Make no mistake: The Bear is not for kids



Lost and found

 While Toronto-based writer Claire Cameron's latest novel, The Bear, may not push the envelope like some other artists, writers and thinkers at Spur, it certainly reimagines some literary conventions.

Written from the perspective of five-year-old Anna, the novel follows the protagonist and Stick, her brother, as they struggle to get off an island in Algonquin Park after their parents are mauled by a bear.

Make no mistake: while there may be shades of Little Red Riding Hood or Hansel and Gretel to this lost-in-the-woods tale, The Bear's not for kids.

From the outset, Cameron heard Anna's voice as she drafted her sophomore novel. "I had the voice in my head, and I just jumped in. What I did for that first draft was impulsive."

Cameron will detail the creative process and more at the Winnipeg Free Press News Café on Sunday, March 23, starting at noon. The event will be moderated by former Free Press books editor Morley Walker. Tickets are $25 and include brunch.

The Bear has been a critical success, most recently long-listed for the Baileys Women's Prize for Fiction (formerly the Orange Prize). After the success of her debut The Line Painter, approaching her second novel was a daunting task that resulted in a few so-called "dead books" -- attempts at writing something only to have it fizzle out and die.

"A lot of people have trouble with their second novel -- the dreaded sophomore jinx. I wrote three books in between the two novels, and they just weren't very good."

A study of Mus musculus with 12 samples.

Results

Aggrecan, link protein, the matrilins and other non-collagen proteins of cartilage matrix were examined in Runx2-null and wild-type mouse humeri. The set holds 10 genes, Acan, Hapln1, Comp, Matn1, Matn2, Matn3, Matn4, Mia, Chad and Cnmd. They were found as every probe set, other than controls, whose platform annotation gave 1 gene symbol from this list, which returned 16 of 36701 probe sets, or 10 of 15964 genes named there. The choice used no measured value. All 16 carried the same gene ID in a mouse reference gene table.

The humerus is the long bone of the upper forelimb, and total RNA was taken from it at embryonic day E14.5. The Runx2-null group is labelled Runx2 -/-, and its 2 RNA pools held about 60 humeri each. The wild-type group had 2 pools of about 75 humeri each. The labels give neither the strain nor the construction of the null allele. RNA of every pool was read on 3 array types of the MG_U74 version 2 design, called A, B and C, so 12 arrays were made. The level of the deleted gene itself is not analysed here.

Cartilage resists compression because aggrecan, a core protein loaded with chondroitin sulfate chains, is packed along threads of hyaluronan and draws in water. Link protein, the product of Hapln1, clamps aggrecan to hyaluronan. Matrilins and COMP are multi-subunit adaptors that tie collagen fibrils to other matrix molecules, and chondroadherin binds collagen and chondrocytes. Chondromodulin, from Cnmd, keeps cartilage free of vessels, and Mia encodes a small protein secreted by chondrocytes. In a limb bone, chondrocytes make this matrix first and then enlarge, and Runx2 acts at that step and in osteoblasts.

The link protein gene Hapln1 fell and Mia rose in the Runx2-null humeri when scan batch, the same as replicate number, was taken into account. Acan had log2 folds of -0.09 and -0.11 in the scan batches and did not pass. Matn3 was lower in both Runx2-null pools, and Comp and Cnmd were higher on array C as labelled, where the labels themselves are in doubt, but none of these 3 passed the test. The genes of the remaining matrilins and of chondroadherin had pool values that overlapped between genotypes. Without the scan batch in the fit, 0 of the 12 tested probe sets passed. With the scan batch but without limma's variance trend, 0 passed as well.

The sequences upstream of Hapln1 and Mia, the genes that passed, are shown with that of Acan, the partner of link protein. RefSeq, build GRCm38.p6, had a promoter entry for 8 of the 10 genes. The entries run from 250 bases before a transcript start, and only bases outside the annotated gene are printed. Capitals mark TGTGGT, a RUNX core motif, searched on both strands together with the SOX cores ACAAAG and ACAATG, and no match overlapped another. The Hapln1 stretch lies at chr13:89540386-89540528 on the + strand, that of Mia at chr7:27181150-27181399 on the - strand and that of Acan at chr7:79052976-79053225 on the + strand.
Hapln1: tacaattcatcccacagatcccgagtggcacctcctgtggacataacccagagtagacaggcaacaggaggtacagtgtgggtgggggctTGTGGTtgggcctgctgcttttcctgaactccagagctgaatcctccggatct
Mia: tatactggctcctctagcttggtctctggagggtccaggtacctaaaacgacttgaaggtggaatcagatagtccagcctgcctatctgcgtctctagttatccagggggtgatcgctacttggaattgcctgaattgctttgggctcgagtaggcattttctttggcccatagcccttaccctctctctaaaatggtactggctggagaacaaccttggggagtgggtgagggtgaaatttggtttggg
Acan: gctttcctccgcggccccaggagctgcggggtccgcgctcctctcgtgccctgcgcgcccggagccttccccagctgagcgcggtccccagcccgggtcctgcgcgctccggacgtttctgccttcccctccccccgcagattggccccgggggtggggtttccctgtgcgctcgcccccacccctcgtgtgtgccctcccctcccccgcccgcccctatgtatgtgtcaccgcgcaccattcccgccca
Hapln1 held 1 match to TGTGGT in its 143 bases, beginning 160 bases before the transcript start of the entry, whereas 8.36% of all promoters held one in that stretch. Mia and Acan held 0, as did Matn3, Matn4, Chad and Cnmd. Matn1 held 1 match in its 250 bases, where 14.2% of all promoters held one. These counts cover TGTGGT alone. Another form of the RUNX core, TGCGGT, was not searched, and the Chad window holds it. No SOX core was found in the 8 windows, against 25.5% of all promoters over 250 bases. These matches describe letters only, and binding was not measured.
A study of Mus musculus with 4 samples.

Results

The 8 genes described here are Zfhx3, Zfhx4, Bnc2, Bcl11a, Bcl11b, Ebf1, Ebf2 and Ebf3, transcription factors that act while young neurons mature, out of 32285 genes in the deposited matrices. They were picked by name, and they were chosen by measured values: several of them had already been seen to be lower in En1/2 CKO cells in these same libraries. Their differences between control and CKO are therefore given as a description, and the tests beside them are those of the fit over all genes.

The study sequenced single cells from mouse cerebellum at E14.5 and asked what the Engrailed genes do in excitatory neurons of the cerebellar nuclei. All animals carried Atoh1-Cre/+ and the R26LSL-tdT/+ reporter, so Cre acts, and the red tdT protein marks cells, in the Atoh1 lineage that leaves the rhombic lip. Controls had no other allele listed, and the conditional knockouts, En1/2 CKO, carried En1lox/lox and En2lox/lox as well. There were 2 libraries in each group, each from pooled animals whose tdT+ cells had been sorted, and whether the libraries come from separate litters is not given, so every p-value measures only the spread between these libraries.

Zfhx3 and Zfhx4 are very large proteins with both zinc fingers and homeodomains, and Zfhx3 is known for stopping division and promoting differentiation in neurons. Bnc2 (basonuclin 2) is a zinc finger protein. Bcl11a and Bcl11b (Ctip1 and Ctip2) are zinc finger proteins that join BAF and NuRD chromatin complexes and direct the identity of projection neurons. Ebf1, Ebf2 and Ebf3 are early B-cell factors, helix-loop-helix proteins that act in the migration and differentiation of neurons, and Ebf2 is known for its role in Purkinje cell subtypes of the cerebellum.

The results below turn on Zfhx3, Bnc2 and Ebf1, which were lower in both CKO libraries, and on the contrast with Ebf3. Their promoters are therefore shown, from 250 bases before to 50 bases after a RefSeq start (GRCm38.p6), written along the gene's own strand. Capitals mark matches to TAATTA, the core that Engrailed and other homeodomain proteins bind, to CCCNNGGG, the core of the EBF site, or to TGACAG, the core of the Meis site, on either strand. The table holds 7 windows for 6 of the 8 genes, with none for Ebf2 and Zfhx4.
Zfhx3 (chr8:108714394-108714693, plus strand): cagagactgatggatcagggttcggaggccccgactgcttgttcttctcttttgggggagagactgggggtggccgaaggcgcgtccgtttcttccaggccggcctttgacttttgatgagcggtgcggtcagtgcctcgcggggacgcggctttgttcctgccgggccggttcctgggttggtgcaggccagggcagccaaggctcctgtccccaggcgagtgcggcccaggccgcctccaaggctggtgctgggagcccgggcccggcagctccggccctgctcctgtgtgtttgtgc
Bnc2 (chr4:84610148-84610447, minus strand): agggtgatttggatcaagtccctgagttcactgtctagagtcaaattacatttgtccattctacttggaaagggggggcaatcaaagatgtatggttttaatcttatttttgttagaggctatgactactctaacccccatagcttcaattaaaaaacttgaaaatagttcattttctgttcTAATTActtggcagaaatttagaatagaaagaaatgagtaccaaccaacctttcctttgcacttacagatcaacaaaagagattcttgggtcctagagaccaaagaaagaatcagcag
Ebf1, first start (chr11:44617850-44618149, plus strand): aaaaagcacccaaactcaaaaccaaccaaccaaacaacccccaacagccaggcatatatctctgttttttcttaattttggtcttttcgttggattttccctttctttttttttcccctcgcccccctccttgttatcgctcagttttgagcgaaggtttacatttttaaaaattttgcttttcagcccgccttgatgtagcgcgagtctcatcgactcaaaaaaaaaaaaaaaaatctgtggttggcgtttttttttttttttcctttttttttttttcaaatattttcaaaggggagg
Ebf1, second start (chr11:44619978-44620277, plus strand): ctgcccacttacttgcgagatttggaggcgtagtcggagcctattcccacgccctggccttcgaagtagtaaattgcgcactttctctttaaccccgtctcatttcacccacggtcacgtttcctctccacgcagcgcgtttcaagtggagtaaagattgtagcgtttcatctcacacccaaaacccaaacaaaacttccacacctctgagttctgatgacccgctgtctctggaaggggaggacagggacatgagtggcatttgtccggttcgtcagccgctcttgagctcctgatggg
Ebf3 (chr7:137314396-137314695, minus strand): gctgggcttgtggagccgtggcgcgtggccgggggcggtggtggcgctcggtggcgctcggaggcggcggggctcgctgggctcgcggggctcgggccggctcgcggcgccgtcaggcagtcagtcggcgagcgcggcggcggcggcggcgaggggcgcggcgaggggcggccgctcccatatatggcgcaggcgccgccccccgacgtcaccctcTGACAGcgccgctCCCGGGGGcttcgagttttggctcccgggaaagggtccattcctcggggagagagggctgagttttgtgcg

Cameron also experienced some significant life changes in the interim. "I had my two kids in between the novels. My creative process was all about sleep."

And while having kids didn't specifically spark Cameron's decision to write from a child's perspective, she was able to engage with her children to help shape Anna's journey.

"I bounced a lot of ideas off my kids. Like Anna, my son was five at the time. And while Anna is very different than my son, we had long conversations about feelings. 

"Parents spend a lot of time talking over kids. My son went through a vocabulary burst as I was writing The Bear. I thought 'What if I just stopped and listened?'

While Cameron is at work on her next project, she's hesitant to disclose too much information.

"I just can't tell whether it's going to be one of the dead books."